While the overall cost-effectiveness of Medicare benefits have been much-debated, new data now show that people who were uninsured before receiving benefits at age 65 required more intensive and costlier care than those who had been privately insured prior to receiving Medicare. These findings, from researchers at Harvard Medical School (HMS), appear in the July 12 issue of the New England Journal of Medicine.
The implication is that expanding coverage to uninsured near-elderly adults may not cost as much as previously thought, says J. Michael McWilliams, an HMS research associate and practicing general internist at Brigham and Womens Hospital. Particularly for those with heart disease, hypertension, or diabetes, earlier access to effective treatments can prevent costly complications and reduce health care needs after age 65.
Created in 1965, Medicare now covers nearly 43 million elderly and disabled Americans. In 2006, the programs cost of $374 billion accounted for 14 percent of the federal budget, and federal spending on Medicare is expected to grow to $524 billion by 2011. According to the Kaiser Family Foundation, Medicare spending as a share of GDP is estimated to increase from 2.7 percent to 4.7 percent by 2020 as a larger percentage of the population survives well beyond age 65.
Despite the size of the program, Medicare may still not be helping enough people. The expansion of Medicare coverage to uninsured adults before the age of 65 has been proposed in Congress in recent years, in part because if adults have chronic conditions in their late 50s and early 60s, its very difficult for them to obtain private insurance on their own, says John Z. Ayanian, HMS associate professor of medicine and of health care policy and a practicing general internist at Brigham and Womens Hospital. Even if theyre eligible for private insurance, it can be prohibitively expensive.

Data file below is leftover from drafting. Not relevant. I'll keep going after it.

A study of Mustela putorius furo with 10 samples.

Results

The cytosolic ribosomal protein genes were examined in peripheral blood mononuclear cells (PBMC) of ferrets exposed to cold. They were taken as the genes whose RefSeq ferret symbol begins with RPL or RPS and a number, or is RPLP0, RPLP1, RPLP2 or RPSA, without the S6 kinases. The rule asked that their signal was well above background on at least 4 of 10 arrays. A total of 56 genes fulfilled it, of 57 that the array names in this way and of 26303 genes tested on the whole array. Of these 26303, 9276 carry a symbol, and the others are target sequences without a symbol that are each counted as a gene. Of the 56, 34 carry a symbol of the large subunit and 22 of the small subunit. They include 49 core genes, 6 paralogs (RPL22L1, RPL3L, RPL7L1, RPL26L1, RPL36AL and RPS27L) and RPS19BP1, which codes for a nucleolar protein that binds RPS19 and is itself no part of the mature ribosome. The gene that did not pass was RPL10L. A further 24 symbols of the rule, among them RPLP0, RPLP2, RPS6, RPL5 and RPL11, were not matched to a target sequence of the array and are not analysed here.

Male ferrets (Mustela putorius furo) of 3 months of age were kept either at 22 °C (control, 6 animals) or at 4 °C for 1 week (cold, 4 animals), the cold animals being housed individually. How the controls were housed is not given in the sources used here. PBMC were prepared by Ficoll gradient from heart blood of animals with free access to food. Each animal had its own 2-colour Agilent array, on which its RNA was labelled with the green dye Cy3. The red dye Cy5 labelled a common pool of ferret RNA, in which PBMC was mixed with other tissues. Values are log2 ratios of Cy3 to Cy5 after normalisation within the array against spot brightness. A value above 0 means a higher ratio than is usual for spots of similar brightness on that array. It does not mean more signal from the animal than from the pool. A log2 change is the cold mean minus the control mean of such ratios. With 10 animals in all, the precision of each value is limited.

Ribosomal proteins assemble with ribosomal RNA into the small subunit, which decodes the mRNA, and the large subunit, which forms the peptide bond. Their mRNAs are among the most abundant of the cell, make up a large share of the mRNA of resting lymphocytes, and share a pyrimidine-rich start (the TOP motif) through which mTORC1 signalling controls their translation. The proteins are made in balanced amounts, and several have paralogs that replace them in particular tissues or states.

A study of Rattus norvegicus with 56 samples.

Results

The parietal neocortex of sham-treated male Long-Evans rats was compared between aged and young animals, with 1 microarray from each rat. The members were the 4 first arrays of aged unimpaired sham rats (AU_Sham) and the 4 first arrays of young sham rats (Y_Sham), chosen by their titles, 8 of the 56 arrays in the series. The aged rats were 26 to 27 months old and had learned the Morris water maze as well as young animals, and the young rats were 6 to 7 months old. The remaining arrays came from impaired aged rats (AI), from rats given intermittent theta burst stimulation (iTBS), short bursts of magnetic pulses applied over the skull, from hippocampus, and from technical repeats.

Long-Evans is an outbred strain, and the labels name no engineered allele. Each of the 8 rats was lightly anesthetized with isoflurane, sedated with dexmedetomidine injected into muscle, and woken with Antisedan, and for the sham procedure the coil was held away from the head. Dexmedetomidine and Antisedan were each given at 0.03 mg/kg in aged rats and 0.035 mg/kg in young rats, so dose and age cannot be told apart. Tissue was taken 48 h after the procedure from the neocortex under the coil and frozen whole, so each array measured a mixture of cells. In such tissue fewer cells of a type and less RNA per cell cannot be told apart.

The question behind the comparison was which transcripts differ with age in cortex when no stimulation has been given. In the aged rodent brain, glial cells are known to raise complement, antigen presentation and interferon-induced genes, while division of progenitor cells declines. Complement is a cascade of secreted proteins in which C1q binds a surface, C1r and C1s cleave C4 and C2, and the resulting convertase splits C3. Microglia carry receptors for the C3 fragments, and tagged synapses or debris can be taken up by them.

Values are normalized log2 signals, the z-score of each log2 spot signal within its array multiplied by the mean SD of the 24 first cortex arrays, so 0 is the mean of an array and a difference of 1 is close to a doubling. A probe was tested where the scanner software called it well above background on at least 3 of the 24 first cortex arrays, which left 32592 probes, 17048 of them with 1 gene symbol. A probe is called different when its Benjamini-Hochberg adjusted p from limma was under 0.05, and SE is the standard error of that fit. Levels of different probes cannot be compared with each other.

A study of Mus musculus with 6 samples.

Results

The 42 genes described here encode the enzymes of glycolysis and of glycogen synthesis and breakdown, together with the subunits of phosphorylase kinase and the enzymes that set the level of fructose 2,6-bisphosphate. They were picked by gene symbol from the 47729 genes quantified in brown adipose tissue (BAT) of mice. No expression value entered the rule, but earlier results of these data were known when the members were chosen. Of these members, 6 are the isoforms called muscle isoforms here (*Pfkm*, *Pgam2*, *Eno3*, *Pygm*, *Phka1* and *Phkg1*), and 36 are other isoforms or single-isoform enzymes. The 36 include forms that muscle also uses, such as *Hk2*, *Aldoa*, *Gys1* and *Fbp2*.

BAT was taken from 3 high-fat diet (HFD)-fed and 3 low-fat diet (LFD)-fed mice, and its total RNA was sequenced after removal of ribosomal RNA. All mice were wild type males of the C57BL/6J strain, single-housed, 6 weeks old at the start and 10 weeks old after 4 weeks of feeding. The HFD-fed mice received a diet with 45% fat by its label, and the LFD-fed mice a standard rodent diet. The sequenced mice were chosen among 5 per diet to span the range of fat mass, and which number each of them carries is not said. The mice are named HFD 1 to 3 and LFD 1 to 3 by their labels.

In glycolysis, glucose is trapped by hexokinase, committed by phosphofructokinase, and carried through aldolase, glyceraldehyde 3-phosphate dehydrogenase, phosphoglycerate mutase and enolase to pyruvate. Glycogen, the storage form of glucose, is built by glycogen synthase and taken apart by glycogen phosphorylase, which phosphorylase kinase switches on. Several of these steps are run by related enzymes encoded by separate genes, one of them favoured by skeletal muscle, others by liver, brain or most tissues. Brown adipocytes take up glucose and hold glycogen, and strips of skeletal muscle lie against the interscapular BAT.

McWilliams and Ayanian, along with colleag
ues in the HMS Department of Health Care Policy, conducted a study comparing previously uninsured to insured adults to see how each group used health services before and after entering Medicare.
Using data from a national survey, the Health and Retirement Study, the researchers followed 5,158 adults who were ages 53 to 61 in 1992 for 12 years (through 2004). They compared health care use and expenses for 3,773 subjects who were insured and 1,385 who were uninsured before 65. The survey also captured information on dozens of different characteristics, from subjects exercise habits to depression symptoms.
To account for the large differences between insured and uninsured adults in characteristics such as education and income levels, the researchers gave more statistical weight to insured subjects who closely resembled the uninsured group in education, income, and other characteristics than they did to insured subjects who were very different.
When the researchers compared these statistically similar groups, the differences due to insurance were clear. After gaining Medicare coverage at age 65, health care use by previously uninsured adults not only rose to the level of previously insured adults but exceeded it substantially, says McWilliams. These greater health care needs persisted at least through age 72.
These findings were especially noticeable in adults with cardiovascular disease or diabetes, illnesses that can be life-threatening when left untreated, but manageable if caught early. This is a group for whom medical advances in recent decades have had an impressive impact on health. If people with diabetes, hypertension, or heart disease are uninsured, they often have to forego very cost-effective therapies, says McWilliams.
Providing health insurance coverage for uninsured near-elderly adults may not only improve their health, but also reduce their annual health care use after age 65, he con
tinues. Particularly for those with cardiovascular disease or diabetes, these benefits are likely to be substantial and may partially offset the costs of expanding coverage.